Examiners denounce the Menglish scourge: ‘over-populazzjoni’, ‘staġju’ and ‘kustomers’

Exam reports denounce increased tendency by students to directly translate English idioms and expressions to Maltese and even using English words written in Maltese phonetics

Maltese exam papers: Students pepper their replies with 'English' words
Maltese exam papers: Students pepper their replies with 'English' words

Reports on the performance of students in Maltese examinations at Ordinary, Intermediate and Advanced levels have denounced the increased tendency of students to use English words, idioms, morphological structure and expressions. 

According to an examiner report for the Advanced level exam this phenomenon reflects “the increased presence of people hailing from families of foreign provenance, which also includes many students sitting for the exam.” 

The A-level report lists a number of examples of this “interference” which according to the report has a major impact bound to condition the future direction of the Maltese language. 

The list of words used by students include avvantaġġ (advantage), danġeruż (dangerous); elektriku (electric), fiżikali (physical), konstruzzjoni (construction), numbru (number), substanzi (substances), conċern (concern) fuq il-banda l-oħra ( on the other side), fuq it-triq (on the road), ippromotjati (promoted), isalvaw l-enerġija (save energy) and jieħdu ħajjithom b’idejhom (they take their own lives). 

Moreover, there is an increased tendency to construct Maltese words on phonetical and morphological models, derived from the English language. Examples cited from exam papers include staġju (stage), obsessjon (obsession), similari (similar), negletta (neglected), spesifikament (specifically), optimiżmu (optimism), inħabitata (disinhibited), signifikanti (significantly) , inspirata (inspired), eventi (events) and ħarmonija (harmony).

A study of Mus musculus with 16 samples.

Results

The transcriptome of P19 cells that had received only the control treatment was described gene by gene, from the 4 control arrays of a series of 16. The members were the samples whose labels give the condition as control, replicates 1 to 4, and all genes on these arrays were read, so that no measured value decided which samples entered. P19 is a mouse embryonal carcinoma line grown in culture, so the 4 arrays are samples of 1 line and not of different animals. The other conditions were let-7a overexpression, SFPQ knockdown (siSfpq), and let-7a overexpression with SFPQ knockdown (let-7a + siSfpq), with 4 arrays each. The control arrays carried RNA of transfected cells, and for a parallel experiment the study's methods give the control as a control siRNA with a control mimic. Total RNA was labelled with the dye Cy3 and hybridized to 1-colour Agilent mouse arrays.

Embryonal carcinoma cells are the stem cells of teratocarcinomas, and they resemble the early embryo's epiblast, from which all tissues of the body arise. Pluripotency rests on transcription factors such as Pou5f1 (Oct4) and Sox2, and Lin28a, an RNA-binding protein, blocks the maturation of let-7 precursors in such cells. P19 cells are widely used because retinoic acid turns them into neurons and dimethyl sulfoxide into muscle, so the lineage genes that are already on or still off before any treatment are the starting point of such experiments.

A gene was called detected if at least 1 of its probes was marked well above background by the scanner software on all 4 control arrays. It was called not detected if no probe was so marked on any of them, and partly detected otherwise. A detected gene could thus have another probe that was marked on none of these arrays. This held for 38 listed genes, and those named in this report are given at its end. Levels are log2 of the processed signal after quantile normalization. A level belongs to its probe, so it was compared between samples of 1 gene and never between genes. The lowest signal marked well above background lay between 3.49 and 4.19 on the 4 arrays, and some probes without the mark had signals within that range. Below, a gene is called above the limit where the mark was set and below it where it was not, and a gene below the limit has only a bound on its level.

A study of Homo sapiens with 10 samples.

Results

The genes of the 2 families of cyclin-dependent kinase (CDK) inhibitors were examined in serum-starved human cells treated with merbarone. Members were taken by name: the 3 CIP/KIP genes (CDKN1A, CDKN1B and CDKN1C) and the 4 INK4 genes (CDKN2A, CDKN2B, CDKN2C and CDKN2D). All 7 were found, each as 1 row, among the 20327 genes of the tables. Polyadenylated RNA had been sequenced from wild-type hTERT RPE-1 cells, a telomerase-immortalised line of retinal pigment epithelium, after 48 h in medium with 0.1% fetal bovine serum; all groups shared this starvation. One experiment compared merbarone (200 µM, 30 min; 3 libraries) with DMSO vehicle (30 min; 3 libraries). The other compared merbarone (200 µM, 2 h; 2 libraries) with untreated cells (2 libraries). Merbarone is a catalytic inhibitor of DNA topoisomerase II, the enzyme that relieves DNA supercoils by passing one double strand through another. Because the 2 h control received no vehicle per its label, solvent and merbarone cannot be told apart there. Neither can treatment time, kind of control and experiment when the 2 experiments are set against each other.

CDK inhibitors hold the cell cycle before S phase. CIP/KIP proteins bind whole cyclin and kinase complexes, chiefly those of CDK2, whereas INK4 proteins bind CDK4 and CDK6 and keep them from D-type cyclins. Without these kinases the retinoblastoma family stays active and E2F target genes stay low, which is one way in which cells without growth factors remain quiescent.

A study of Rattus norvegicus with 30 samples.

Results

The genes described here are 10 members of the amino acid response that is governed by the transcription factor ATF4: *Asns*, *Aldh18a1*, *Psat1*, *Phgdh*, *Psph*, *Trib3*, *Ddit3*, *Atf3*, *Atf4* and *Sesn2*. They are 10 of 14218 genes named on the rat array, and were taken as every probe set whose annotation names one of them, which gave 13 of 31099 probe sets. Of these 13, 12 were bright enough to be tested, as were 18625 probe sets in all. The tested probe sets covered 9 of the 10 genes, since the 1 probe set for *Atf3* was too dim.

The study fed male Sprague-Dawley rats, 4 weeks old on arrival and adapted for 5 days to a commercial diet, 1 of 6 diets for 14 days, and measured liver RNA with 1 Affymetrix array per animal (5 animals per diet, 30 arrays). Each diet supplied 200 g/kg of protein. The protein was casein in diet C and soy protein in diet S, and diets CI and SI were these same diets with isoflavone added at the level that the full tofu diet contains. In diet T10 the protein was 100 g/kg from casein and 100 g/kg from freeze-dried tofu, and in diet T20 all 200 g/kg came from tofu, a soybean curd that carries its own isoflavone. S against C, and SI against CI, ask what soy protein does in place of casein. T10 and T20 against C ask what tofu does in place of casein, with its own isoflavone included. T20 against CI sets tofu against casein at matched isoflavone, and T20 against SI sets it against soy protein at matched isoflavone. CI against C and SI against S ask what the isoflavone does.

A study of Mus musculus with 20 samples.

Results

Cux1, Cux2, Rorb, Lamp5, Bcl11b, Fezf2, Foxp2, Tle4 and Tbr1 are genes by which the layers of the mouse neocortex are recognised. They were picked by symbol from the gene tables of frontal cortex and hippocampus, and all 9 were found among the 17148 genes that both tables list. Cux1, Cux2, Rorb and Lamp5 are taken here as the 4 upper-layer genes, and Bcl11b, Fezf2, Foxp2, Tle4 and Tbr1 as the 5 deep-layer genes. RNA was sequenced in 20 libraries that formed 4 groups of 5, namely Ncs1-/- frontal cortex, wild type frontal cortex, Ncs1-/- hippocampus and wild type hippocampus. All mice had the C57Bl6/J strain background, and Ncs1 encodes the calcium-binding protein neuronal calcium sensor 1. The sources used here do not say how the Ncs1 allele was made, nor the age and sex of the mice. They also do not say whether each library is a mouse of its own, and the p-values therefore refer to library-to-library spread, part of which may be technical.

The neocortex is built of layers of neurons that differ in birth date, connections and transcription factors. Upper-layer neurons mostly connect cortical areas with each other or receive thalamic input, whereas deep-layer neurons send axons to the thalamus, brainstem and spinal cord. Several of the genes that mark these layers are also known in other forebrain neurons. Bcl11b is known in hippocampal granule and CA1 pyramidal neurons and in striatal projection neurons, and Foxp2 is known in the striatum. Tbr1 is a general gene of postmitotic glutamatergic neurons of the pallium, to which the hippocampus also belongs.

English influence is also evident at idiomatic level. Examples of this include jilgħab il-pjanu (playing the piano), jiġi għall-konklużjoni (arrive at the conclusion) and saqsieha tiżżewġu (asked her to marry him). Others simply resorted directly to English words using word play such as ‘qalbu mimlija envy’ (his heart was full of envy) instead of ‘qalbu mimlija għira’. 

The same pattern in the use English and in some cases Italian expressions were observed in the O-level report. Examples found in essays and reports presented by students included overpopulazzjoni (overpopulation), maxinerija tal-bottles tal-plastic (reverse vending machines), irridu noqogħdu viġilanti (we need to be vigilant), inħobbu nilagħbu ċ-ċajt fuq xulxin (play jokes on each other), il-biċikletta (bicycle), il-fattoriji (factory), il-farmaċija (pharmacy) and spakkat (cracked). 

The report also denounces the repeated use of English fillers like “so” which is often use as a conjunction. 

Curiously a number of students used English words written using Maltese phonetics. These included the words kustomers (customers). 

During the reading component in the intermediate level exam, a number of students read the % symbol as “perċentwali” or “persentaġġ” instead of “fil-mija”, and several simply read it in English (percent). Other “linguistic interferences” noted in the oral interview included the direct use of English colloquial expressions like “for example”, “on the whole” and “I mean”. 

The report on the intermediate exam concludes that “the influence of English on Maltese is sometimes resulting in serious deficiencies including the word by word translation of English phrases. Examples cited in the report include “l-avveniment se jieħu post” (the event will take place) , “m’għadux fl-istampa” (out of the the picture).